Go ahead and join but don't deduct cost from your taxes

National Post

2014-02-08


When it comes to the deductibility of certain private club membership dues, the tax rules couldn't be clearer - they're generally not deductible and haven't been for over 40 years.

Specifically, the Income Tax Act states that "no deduction shall be made in respect of an outlay or expense made or incurred by the taxpayer ... as membership fees or dues [whether initiation fees or otherwise] in any club the main purpose of which is to provide dining, recreational or sporting facilities for its members."

The phrase "main purpose" has been interpreted by the Canada Revenue Agency to mean that the restriction would only apply to clubs that use more than 50% of their assets to provide members with dining, recreational or sporting facilities.

If your employer pays for your membership in such a club, even though it may not be entitled to a tax deduction, you could still get assessed with a taxable benefit.

The CRA's long-standing position is that if your employer pays or reimburses you for club dues or membership fees, it is typically considered to be a taxable benefit from employment and must be included by your employer on your T4 slip. There are, however, three exceptions to this rule.

First, if an employer provides an in-house recreational facility that is available to all employees, no taxable benefit will arise. Similarly, if your employer pays a fee to an external recreational facility that is available to all employees and the membership is in the employer's name, no benefit will be assessed to the employees. Finally, the most contested exception to the taxable benefit rule is when dues are paid for membership in a social or athletic club for select employees, such as the executive team, and it can be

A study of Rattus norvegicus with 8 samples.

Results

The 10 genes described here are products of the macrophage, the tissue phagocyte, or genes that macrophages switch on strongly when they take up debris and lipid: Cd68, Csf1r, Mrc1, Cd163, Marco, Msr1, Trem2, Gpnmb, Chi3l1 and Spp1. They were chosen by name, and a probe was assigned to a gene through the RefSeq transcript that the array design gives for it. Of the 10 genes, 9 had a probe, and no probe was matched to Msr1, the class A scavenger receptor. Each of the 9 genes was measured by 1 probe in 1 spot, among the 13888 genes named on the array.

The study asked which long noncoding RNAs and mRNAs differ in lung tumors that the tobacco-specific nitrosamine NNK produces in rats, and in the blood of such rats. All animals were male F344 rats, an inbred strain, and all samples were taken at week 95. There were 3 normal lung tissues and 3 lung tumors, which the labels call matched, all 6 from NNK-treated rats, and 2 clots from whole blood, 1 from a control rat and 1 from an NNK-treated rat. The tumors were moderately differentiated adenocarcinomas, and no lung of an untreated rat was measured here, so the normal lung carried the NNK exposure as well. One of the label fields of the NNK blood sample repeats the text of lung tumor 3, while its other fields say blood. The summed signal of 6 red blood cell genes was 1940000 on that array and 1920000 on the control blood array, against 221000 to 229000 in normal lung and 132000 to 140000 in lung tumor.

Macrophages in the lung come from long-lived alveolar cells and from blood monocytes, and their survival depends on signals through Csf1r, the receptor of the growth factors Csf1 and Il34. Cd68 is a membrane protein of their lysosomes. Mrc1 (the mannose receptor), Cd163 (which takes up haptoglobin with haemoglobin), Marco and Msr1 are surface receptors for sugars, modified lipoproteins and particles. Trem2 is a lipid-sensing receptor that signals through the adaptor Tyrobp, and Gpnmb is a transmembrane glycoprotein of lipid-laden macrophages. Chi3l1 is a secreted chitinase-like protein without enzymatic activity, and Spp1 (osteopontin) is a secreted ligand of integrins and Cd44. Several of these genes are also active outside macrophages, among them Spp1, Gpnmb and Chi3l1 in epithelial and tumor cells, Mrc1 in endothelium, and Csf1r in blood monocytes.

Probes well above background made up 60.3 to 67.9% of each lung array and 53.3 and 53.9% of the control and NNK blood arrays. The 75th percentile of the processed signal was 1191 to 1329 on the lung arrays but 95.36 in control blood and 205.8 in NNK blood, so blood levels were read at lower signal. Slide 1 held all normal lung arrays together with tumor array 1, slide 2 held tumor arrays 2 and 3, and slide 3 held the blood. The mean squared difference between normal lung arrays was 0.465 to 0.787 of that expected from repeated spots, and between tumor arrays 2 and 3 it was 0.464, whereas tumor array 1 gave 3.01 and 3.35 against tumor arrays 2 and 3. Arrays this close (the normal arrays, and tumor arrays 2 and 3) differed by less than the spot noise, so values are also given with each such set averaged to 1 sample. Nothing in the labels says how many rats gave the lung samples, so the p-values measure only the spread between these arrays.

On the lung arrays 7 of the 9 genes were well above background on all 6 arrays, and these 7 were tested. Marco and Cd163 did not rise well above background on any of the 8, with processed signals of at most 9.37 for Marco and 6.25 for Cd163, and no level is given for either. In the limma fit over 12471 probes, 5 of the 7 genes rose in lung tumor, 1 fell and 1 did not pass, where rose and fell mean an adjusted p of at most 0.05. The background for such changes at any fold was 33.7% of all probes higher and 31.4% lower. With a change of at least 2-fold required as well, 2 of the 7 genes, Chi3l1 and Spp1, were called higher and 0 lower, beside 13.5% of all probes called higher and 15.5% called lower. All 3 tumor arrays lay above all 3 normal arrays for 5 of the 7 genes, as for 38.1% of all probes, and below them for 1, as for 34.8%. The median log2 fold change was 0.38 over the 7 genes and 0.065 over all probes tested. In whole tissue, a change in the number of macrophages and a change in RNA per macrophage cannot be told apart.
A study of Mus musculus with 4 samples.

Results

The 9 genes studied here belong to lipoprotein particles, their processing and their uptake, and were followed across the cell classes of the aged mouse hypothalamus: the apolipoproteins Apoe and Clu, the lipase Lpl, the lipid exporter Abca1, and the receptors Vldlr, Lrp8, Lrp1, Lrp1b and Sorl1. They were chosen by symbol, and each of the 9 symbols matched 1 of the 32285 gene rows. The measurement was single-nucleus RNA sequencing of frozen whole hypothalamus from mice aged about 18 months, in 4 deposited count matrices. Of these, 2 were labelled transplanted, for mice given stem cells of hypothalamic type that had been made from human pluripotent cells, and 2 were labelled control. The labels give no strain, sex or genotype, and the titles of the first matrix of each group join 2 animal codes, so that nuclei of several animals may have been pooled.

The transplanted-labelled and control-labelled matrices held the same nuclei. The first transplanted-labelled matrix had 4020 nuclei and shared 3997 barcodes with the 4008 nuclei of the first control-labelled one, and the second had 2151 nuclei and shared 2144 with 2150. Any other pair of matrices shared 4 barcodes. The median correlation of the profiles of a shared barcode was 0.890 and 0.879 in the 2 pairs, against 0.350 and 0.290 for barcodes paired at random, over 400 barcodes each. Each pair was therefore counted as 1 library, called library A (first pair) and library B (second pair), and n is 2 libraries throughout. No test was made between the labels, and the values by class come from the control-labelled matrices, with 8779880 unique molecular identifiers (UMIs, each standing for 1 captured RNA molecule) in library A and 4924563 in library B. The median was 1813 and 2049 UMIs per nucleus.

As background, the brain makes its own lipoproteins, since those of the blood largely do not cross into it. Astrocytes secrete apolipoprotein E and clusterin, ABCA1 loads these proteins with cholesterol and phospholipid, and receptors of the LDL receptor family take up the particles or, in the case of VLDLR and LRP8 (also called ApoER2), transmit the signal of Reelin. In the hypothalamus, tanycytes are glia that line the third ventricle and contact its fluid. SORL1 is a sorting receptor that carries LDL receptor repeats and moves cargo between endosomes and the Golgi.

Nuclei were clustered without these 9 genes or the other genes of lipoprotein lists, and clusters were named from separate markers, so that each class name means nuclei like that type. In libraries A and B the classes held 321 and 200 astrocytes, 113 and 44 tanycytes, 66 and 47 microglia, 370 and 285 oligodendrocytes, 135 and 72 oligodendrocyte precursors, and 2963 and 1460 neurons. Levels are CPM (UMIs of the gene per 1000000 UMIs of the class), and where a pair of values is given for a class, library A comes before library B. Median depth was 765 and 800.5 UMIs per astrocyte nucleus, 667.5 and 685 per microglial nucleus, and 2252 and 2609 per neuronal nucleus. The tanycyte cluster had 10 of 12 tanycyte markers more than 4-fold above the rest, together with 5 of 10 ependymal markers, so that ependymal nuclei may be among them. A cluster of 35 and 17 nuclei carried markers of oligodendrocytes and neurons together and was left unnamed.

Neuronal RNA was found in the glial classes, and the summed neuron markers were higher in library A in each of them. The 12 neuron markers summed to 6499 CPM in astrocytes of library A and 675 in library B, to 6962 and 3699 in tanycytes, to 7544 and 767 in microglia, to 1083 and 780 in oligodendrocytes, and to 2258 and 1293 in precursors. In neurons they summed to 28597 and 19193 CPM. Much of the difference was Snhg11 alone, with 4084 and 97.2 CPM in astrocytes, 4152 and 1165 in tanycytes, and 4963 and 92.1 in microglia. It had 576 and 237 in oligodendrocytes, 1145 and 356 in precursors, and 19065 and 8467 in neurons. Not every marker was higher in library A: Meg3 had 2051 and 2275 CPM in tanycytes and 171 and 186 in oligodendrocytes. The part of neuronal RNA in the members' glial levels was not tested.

"clearly demonstrated that the membership is for the employer's advantage."

In such cases, no taxable benefit will arise. The onus is both on the employer and employee to prove that the membership is primarily to the employer's advantage.

Finally, note that the CRA does not consider an employer to be the primary beneficiary in situations where an employee's membership in a fitness facility provides only an indirect benefit by becoming physically healthier as a result of using the club's facilities, even though the argument has been made that the employee's "good health provides benefits to (the) employer through reduced stress and disability leave." In these cases, a taxable employment benefit will generally be assessed.